The dos and don'ts of taking medication

Ever forgotten to complete your course of antibiotics? There is a correct and incorrect way of taking medication, and here's why taking medication correctly is so important

24 August 2010
by Philippa Hudson

Sometimes, what you don’t know can hurt you – especially when it comes to medication. How often have you popped a pill without even looking at the package insert or not bothered to finish a prescribed course of antibiotics? These actions can have serious consequences – which is why we’ve got all the dos and don’ts of taking medicine safely right here at your fingertips!

  • DO tell your pharmacist about all other medication and supplements you are taking at the same time. Even a simple vitamin supplement might interfere with the medication, and some combinations can be downright dangerous – for example, taking blood thinners at the same time as aspirin can increase your risk of bleeding.
  • DO tell your pharmacist if you are pregnant, breastfeeding or trying to fall pregnant. Some medicines can interfere with foetal development and cause birth defects.


Antibiotics kill disease-causing bacteria but they also kill the ‘good’ bacteria in your gut. Taking probiotics at the same time will help restore the balance of flora.

  • DO take the medication exactly as it is prescribed – the right amount, at the right time, for the prescribed length of time. And be sure to heed any comment about taking it with food or without.

Clicks pharmacist Dhiren Garach explains: ‘The absorption and efficacy of medicine largely depends on the presence or absence of food in the stomach. In some cases the medicine should be taken before food for better absorption, but in others after food, to avoid irritating the gastrointestinal tract.’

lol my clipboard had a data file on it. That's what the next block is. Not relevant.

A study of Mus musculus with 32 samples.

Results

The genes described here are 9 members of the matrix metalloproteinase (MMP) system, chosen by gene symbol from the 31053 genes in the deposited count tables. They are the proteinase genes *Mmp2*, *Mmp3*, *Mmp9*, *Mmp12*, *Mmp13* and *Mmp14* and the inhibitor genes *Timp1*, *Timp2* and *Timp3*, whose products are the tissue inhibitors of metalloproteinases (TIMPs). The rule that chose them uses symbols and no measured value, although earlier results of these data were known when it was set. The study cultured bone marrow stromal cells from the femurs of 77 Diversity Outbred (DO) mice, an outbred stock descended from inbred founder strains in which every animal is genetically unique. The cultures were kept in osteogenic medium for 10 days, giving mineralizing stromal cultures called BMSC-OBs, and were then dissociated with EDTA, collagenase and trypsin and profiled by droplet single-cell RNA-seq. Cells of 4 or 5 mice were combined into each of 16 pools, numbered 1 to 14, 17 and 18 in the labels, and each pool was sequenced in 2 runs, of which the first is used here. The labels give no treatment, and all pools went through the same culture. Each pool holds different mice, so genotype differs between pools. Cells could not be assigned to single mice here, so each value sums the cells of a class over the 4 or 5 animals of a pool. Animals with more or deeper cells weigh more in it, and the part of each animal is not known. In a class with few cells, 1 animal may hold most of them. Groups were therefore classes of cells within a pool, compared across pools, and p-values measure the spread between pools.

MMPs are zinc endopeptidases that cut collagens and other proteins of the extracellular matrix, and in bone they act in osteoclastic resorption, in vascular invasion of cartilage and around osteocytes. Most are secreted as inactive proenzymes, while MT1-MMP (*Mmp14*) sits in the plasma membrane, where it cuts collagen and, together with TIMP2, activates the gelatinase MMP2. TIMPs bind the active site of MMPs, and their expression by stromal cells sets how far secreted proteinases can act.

There are also some medications that interact badly with certain foods – for example, one should avoid dairy products when taking antibiotics containing tetracycline as it can affect the absorption of the drug.

  • DO tell your pharmacist if you have any allergies or have had previous allergic reactions to medicines, such as penicillin.
  • DO store your medicines properly. Keep them out of reach of children, and follow your pharmacist’s storage instructions. Insulin, most vaccines and prepared antibiotic syrups need to be kept in the fridge. Other medicines are fine if kept under 25°C, while some may need to be kept out of sunlight.
  • DON’T stop taking medication partway through the course, even if you are feeling better. You need to make sure you completely eradicate the germs that have been making you ill. And failing to finish a course of antibiotics might make the germs more resistant to the drug – making it harder to cure you the next time you get sick.
  • DON’T share your medicines with anyone else – you don’t know what medical conditions they have, or what other drugs or supplements they are taking, which could lead to dangerous results. For example, giving aspirin to some asthmatics may bring on a severe asthma attack.
  • DON’T use your medication past its expiry date – you wouldn’t eat food that was past its best, so why take the risk with expired pills?
  • DON’T buy your medicines from an unreliable source – the drugs could be fake, expired or stolen and you won’t receive useful advice from your pharmacist.
  • DON’T remove your medication from its original container. You may lose track of the expiry date and the patient information leaflet, and it may become contaminated if it’s kept in the same pillbox as other medicines.
  • DON’T drink alcohol when you’re taking medication. And go easy on other stimulants too, says Garach. ‘Coffee, due to the high concentration of caffeine, should be taken in moderation with certain medication.’
  • DON’T throw leftover medicines in the dustbin, especially if you have small children in your home. ‘Medicine always needs to be discarded in a fashion that is environmentally safe,’ says Garach. ‘If a person wishes to discard their expired or unwanted medicine, they can take it to their Clicks Pharmacy. We forward that medicine to a waste disposal company for proper destruction of hazardous waste.’



• You can even order your chronic medication to be delivered to your holiday
address if you are away!
• Free delivery of your chronic medication every 28 days.
• You save money because delivery to your address of choice is free.
• As a Clicks ClubCard member you earn Plus Points off your dispensing fee!
To register, call Clicks directmedicines on 0861 444 405 – the rest will be done for you.